SAN FRANCISCO — Ride-hailing giant Uber has raised $2.1 billion in its latest round of funding, which brings the six-year-old company’s total raise to more than $10 billion and its valuation to $62 billion, according to a Bloomberg News report citing filed documents.

This latest round will help Uber with its often stated mission to push aggressively into China and other major Asian markets, where rivals such as China’s Didi Kuaidi  (which raised $3 billion this year), India’s Ola and Singapore’s GrabTaxi have strong footholds. On Thursday, those three companies along with Uber’s U.S. competitor Lyft announced they would be forming a strategic partnership to collaborate on technology and services.

Uber also has been actively pursuing costly self-driving car technology, as evidenced by its recent hiring of numerous robotics and autonomous car experts from Carnegie Mellon University in Pittsburgh. Google has been working on autonomous vehicles for six years and Apple is rumored to be entering the race as well, one that also has competition from traditional automakers such as Ford and Mercedes-Benz.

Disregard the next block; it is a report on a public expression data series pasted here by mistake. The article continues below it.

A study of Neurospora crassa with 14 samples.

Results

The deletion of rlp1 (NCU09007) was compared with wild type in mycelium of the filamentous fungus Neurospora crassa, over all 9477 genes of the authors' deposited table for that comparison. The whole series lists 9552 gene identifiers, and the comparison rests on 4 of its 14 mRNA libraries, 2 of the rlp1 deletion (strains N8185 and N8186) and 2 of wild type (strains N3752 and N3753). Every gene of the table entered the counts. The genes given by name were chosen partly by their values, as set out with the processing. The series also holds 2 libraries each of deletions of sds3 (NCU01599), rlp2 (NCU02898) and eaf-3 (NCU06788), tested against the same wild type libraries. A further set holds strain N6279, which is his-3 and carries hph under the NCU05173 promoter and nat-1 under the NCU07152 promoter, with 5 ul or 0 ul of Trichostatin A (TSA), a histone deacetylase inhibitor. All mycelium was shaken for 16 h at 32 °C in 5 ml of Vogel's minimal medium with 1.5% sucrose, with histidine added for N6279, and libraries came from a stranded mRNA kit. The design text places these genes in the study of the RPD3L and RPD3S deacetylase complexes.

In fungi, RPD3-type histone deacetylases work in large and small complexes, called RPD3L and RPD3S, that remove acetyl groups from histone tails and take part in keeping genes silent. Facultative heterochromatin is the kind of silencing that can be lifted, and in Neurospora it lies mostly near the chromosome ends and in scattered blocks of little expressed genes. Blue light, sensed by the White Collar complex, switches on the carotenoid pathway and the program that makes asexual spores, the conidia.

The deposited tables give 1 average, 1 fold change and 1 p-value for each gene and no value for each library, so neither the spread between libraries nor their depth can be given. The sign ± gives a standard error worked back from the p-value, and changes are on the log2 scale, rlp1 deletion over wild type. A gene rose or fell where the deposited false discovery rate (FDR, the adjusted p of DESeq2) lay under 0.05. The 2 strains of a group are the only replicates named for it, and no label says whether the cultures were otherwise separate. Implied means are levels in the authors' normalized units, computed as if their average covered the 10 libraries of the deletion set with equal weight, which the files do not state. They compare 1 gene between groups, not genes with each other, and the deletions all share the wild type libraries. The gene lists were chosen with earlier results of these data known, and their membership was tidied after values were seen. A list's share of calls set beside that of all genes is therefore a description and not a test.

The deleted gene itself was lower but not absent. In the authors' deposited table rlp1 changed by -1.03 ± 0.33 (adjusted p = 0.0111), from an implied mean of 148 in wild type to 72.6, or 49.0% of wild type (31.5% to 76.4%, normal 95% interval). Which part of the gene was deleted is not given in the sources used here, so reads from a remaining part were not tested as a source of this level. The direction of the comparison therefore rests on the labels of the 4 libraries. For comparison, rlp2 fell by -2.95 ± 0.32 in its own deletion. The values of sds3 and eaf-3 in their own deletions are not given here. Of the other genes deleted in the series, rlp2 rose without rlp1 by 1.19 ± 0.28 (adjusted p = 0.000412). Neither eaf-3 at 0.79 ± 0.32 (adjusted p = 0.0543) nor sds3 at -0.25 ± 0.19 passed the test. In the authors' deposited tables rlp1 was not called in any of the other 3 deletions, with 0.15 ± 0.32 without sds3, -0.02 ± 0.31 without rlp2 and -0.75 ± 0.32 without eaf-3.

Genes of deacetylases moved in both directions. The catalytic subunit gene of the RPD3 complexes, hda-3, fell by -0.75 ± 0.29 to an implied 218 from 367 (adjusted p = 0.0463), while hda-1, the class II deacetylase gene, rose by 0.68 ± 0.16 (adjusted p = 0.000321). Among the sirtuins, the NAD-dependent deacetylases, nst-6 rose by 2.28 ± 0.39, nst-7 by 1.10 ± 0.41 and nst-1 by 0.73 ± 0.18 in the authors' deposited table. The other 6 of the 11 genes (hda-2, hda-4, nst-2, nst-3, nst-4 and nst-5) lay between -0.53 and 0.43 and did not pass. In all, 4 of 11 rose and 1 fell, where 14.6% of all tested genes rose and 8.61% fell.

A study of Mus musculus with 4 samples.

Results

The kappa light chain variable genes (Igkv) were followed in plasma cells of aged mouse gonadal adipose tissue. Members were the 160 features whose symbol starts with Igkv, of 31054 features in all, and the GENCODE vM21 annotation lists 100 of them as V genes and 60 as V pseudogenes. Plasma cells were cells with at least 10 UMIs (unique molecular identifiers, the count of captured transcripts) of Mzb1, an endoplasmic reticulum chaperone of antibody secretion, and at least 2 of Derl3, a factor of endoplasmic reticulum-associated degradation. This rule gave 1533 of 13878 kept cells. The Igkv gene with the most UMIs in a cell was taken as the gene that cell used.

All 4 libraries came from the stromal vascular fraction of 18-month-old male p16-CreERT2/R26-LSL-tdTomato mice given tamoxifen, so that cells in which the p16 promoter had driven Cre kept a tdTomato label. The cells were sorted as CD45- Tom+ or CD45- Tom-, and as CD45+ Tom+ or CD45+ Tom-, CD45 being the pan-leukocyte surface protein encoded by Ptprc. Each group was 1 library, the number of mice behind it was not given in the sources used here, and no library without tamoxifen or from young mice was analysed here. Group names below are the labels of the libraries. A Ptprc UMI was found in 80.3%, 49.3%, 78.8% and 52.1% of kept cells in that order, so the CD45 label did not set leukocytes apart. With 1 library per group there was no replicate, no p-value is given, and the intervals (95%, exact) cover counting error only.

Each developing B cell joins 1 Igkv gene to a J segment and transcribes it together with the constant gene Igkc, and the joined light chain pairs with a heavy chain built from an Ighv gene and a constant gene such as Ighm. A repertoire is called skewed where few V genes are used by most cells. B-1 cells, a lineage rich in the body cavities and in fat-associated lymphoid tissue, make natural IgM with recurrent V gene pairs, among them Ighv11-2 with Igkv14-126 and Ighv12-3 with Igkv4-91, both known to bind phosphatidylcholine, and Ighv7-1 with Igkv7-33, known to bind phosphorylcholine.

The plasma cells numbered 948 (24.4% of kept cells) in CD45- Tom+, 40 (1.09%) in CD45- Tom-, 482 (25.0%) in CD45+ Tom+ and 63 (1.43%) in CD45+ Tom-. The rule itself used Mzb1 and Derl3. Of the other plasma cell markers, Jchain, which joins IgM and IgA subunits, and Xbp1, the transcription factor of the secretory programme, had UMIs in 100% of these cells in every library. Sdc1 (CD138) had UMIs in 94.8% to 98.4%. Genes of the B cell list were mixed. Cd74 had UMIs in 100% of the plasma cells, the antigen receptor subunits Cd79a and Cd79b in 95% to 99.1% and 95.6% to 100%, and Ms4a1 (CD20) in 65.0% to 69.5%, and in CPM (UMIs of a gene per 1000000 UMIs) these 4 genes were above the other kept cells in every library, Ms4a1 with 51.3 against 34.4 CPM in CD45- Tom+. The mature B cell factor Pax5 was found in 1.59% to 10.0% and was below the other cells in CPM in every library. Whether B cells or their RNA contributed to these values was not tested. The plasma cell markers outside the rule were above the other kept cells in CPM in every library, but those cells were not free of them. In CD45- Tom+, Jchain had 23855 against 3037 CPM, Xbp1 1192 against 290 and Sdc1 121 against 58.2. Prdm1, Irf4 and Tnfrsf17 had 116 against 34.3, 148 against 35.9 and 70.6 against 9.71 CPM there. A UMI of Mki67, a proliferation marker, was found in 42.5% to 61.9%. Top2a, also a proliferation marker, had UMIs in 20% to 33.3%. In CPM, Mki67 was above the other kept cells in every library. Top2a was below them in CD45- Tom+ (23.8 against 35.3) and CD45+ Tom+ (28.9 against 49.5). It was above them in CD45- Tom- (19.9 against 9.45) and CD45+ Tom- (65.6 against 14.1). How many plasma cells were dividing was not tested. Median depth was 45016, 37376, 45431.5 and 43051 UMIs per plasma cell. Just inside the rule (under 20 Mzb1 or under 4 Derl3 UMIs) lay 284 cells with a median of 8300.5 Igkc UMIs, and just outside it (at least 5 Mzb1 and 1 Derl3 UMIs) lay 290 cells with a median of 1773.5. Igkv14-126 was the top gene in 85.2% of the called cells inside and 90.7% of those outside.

Lead investors in Uber’s $2.1 billion round include Tiger Global Management and T. Rowe Price, according to Bloomberg. Investors in past rounds have included Baidu, Fidelity, Benchmark and Google Ventures. Uber spokesperson Kristin Carvell declined to comment on the report.

Started in 2009 by CEO Travis Kalanick and Garrett Camp, Uber is a leading if often controversial figure in the growing gig economy that includes tech-anchored companies such as lodging site Airbnb. While Uber’s growth has been meteoric, it has often generated protests from taxi drivers and their unions in some of the global cities where it operates. It has also had to contend with complaints of passenger assaults by some of its freelance drivers.

CEO Kalanick clearly feels that the future will be filled with Uber’s driverless vehicles. “It’s all about making Uber cheaper than owning a car,” he told Salesforce CEO Marc Benioff during a fireside chat at this fall’s Dreamforce gathering in San Francisco. “If we can do that, then you no longer have parking problems in San Francisco. You don’t have congestion. You help pollution, you create jobs in the city, the list goes on.”

Follow USA TODAY tech reporter Marco della Cava on Twitter @marcodellacava.